Foldable phones: revolution or fantasy?
Last year, we witnessed the usage of artificial intelligence, virtual reality and augmented reality on mobile phones, and the establishment of 5G networks. Though 5G is still topical, foldable phones were the hot topic this year.
By Shuzhao Xue
Mobile World Congress 2019, the world’s largest exhibition for the mobile industry, ended March 1 this year. The event provides a platform for phone makers to showcase both their ambition and their novel, advanced technology for next-generation mobile phones. Last year, we witnessed the usage of artificial intelligence, virtual reality and augmented reality on mobile phones, and the establishment of 5G networks. Though 5G is still topical, foldable phones were the hot topic this year.
As a person born in the digital era, I have experienced the sheer speed of technological development: I saw the rise and tragic fall of Nokia, and witnessed the birth of the Apple empire. I’ve used various kinds of mobile phones – flip phones, slider phones, side slider phones and swivel phones. Until recently, I have been ‘loyal’ to smartphones with large touch screens as they monopolized the market until, this year, Samsung and Huawei developed a new form of smartphone – foldable phones.
Foldable phones, which in my eyes are a combination of a phone and a tablet, seem revolutionary. From the era of bar phones to current smartphones with full screens, the design and development of phones seems to be focused on achieving one thing: a larger screen in a portable size. Foldable screens are an attempt by the industry to achieve a larger display. They break through the limits of a phone’s screen size but can still easily be put in the pocket.
What do we normally do with phones? We text friends and family, make (video) calls, read news, take photos, upload them on social media, watch videos, and play games. We mostly entertain ourselves with phones. With a larger screen, it is possible for us to improve the quality of these entertainment experiences; the shift from multi-task switch to multitasking is the most obvious experience people could get with foldable phones. In the past, we could only use one application at a time. Though split screen mode was available, it was not efficient. But with foldable phones which have a larger screen, multiple apps running at the same time is both possible and efficient.
The first generation of foldable phones also function as signs of differentiation between companies. With the Galaxy Fold, Samsung is proving its place as a leader of vertical integration. Galaxy Fold uses Samsung’s own AMOLED screen which has been developed over 8 years, and it folds from outside to inside with a larger curvature of infolding screen. As for Huawei, they are trying to prove to the public that they can do what other companies are doing, but even better: advertising themselves as the “World’s fastest foldable 5G phone”.
But are these developments in vain? Since last year, the mobile phone industry has been confronted with an ice-cold winter. Throughout 2018, the global smartphone market experienced negative growth for five consecutive quarters. Nowadays, people do not change their mobile phones as frequently as before. On average, it takes a consumer 32 months to update their phone.
It is becoming much harder to have revolutionary hardware on mobile phones and fewer shipments mean more pressure for manufacturers. A new, creative and impressive product is needed.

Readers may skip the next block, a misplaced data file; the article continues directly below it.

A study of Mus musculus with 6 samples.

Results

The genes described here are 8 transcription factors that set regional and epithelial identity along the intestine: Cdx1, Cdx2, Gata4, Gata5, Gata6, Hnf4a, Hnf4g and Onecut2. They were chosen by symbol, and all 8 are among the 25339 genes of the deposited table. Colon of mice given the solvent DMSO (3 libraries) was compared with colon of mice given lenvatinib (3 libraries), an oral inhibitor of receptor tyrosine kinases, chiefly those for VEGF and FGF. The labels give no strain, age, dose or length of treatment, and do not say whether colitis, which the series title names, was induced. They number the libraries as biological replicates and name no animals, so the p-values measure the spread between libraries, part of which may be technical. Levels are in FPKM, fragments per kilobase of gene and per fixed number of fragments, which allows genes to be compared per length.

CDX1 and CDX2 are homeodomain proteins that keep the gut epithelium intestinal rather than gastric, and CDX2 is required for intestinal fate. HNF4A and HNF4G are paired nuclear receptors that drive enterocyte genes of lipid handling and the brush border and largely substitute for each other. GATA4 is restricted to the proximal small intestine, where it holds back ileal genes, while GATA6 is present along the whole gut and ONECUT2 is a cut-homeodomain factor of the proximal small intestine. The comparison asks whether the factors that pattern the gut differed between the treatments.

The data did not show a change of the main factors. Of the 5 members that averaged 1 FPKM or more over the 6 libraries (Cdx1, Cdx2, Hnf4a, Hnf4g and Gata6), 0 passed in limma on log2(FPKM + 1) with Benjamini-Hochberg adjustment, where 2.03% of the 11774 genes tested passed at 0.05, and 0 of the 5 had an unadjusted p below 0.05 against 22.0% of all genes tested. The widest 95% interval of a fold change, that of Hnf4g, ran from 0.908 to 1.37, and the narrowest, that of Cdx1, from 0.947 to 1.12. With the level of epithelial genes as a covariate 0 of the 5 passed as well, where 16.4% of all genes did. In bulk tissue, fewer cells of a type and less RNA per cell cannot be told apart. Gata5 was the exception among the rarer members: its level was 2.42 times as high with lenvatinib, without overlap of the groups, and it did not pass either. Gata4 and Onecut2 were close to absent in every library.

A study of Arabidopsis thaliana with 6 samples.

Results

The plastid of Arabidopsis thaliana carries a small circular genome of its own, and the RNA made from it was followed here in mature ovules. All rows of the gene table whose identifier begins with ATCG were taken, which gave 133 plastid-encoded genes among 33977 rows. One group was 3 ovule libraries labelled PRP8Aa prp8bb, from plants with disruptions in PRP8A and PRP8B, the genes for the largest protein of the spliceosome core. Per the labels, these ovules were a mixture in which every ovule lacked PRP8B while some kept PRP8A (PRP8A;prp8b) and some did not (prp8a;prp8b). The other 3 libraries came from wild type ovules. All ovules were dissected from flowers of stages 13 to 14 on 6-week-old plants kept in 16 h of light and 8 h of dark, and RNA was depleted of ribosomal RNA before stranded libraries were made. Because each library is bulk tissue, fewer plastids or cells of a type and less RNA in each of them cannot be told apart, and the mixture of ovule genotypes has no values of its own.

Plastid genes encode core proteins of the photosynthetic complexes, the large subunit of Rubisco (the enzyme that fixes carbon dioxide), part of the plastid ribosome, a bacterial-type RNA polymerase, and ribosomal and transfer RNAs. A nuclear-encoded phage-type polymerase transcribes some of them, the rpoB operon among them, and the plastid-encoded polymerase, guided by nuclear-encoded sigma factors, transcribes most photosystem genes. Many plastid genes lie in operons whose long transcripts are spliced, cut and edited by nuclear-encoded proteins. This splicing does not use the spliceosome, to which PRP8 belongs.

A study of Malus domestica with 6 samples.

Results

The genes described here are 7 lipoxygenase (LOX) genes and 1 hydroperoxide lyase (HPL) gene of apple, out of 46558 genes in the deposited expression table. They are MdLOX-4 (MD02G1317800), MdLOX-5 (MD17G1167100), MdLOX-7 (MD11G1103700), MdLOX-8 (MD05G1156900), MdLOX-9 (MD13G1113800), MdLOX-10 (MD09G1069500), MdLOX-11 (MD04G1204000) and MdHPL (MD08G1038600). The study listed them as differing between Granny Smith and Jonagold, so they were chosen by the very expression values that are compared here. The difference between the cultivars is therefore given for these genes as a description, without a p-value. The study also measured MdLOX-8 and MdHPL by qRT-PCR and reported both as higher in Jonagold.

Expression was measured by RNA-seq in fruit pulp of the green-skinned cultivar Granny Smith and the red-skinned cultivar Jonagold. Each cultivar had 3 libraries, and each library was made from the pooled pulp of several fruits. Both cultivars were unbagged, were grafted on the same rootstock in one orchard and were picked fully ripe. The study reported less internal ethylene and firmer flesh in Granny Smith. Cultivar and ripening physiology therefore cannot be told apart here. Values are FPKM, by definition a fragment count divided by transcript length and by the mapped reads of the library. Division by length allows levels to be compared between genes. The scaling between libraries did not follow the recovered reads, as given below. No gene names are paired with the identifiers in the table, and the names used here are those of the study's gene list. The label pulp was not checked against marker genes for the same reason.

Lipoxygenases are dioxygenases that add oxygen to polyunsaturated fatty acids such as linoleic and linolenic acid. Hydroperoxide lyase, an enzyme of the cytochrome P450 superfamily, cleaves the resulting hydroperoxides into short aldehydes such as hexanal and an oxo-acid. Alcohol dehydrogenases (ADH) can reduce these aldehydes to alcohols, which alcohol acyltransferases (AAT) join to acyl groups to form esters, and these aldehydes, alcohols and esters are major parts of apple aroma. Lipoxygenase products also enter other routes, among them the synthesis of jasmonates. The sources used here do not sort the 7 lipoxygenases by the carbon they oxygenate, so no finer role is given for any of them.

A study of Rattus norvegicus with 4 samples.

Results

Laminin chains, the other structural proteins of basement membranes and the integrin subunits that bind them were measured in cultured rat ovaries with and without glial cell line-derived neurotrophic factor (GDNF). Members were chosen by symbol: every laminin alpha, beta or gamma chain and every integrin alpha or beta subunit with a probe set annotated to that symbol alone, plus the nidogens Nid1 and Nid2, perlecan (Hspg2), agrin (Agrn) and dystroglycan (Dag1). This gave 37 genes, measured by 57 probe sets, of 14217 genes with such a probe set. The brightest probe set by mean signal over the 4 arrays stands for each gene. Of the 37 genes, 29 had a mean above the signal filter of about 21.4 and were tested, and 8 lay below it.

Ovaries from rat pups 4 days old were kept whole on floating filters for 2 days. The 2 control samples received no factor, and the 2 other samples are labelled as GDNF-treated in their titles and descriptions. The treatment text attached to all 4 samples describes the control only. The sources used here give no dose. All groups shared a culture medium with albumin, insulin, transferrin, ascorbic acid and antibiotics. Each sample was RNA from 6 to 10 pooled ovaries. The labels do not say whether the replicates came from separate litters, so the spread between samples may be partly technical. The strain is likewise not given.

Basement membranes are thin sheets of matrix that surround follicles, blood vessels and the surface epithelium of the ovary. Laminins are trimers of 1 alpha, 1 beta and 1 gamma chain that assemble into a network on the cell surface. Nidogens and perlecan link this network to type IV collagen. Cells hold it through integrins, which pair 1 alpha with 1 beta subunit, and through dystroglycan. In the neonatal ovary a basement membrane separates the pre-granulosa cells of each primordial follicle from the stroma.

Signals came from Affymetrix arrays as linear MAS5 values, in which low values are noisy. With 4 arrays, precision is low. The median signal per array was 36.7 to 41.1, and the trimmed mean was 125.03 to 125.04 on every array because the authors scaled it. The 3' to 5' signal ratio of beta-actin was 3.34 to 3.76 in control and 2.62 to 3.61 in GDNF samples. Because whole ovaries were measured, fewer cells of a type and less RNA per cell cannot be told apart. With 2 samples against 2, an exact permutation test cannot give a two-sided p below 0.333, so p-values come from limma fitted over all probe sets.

With foldable phones broadening the usage of a phone, there is a possibility for opening up a growth point for the industry and its companies. After all, the main goal of a business is to make money and developing technology is merely a coproduct for the business. Providing a small number of foldable phones at an unbelievably high price is a smart move in terms of grabbing market share, but their price and quantity can also be obstacles for consumers when deciding whether to update their phone.
One problem with foldable phones is there is little difference in user experiences between opening and folding up. There are three elements to be taken into consideration when talking about consumer experience: the adaptation of applications, the battery life and the surface materials of screens. Though a foldable phone is a pad-size phone while open, in practice, it is still a phone. The majority of applications on Androids are only for mobile phones. Though a foldable phone has a larger screen, the layout of apps is simply stretched from the original app. That is, a disproportionate layout may appear but the function is almost the same. Besides, the battery life does not increase much; portability and battery life are two contradictory problems that should be solved. Longer power means giving up portability, which thereby making foldable phones much heavier and thicker than current phones. And a portable, foldable phone has to sacrifice battery life. And in addition, the constant folding of screens will lead to wear and tear on screen materials.
In the invitation letter for the Huawei Mate X launch event, it claims to be “connecting the future.” If it pictures a future with everyone holding a foldable phone, with a large screen whose function is the use of multiple applications at the same time, I would say this is only a fantasy. Foldable phones do represent a quantitative change in screen technology, but the qualitative change is still unclear. It is an idealistic and symbolic concept, but unlike the iPhone, it’s hard to see it changing the industry forever.
Shuzhao Xue is a Master’s Student at the University of Amsterdam. The views expressed here are not necessarily those of the Amsterdammer.